Dental Technology

Advancements in dental technology can offer you modern solutions to traditional dental problems. The driving force behind technological advances is a desire to provide you with leading edge dental treatment that can be performed in a more efficient, effective, comfortable manner.

To the casual observer, it may appear that not much has changed in dentistry. Yet dental technologies have been evolving continually, helping to transform the field of dentistry. New technologies are developed with a focus on creating products and developing techniques that can be used by your dentist to help prevent, diagnose and/or treat dental conditions and diseases early and effectively.

There are many dental technologies for your dentist to choose from, with benefits that can provide you with more comfort and ease during treatment.

Digital X-rays: Digital radiographs offer a way to capture dental images through a sensor that processes the image onto a computer screen. Digital X-rays can provide greater comfort than traditional X-rays and certainly reduce exposure to radiation. Four digital radiographs are about equal to one "paper" X-ray

CAD/CAM: CAD/CAM (computer assisted design, computer assisted manufacture) technology allows for the fabrication of dental restorations through computerized technology. Your dentist may work with CAD/CAM in the office to complete tooth restorations in one visit that would otherwise require two visits to complete. These procedures can include: inlays, onlays, porcelain veneers, dental crowns and dental bridges.

CAT Scans: A 3-D image CAT scan is used to help implantologists (dentists who provide surgical and restorative implant services) view and work on the jawbone or surrounding bone structure to produce more accurate results. CAT scan technology has become increasingly specialized for dentistry as implants, rather than dentures, have become the standard of care for tooth replacement.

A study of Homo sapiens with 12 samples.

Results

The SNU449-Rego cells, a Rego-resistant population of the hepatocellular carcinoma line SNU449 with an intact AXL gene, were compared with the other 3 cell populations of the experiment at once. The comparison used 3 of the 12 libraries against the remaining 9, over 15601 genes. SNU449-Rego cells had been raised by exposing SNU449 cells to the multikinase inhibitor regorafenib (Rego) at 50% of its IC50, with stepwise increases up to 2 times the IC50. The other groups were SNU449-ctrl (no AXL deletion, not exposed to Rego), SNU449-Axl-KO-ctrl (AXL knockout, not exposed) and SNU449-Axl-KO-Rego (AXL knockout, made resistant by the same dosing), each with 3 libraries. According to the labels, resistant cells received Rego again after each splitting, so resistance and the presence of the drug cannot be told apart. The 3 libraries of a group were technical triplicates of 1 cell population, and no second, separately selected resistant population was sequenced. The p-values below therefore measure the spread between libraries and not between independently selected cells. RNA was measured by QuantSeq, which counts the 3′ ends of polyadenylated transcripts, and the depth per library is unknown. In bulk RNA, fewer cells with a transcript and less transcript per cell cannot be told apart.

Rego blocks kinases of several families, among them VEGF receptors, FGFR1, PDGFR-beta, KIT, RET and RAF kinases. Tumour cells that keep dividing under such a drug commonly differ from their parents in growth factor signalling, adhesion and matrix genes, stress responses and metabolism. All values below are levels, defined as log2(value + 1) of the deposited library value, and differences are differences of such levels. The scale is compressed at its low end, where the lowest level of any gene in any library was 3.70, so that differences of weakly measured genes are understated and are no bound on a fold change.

Intra-Oral Camera: Intra-oral cameras can produce accurate images of your teeth and the supporting structure. This allows you, your dentist and a dental technician that might be involved in your treatment, to see tooth defects. Intra-oral cameras also help you to learn more about dental hygiene practices, including where to focus on brushing your teeth.

Periodontal Antibiotics: There are "site specific" antibiotics that are designed to concentrate the treatment in specific locations. Periodontal antibiotics are applied directly to the diseased site, enhancing the effectiveness of treatment for periodontal disease.

Composite Materials: Composite resin materials are now used in some veneers and other restorations, to fill cavities and to bond onto or rebuild a tooth. Composite resins offer a tooth-like resolution and have grown in popularity over the years. They are continually being improved and refined to better replicate tooth colors, to be easier to apply and to hold their shape without slumping off the tooth. The handling of and the speeds associated with curing composite resins, coupled with the translucent qualities of the newer materials, has helped to produce beautiful natural looking results.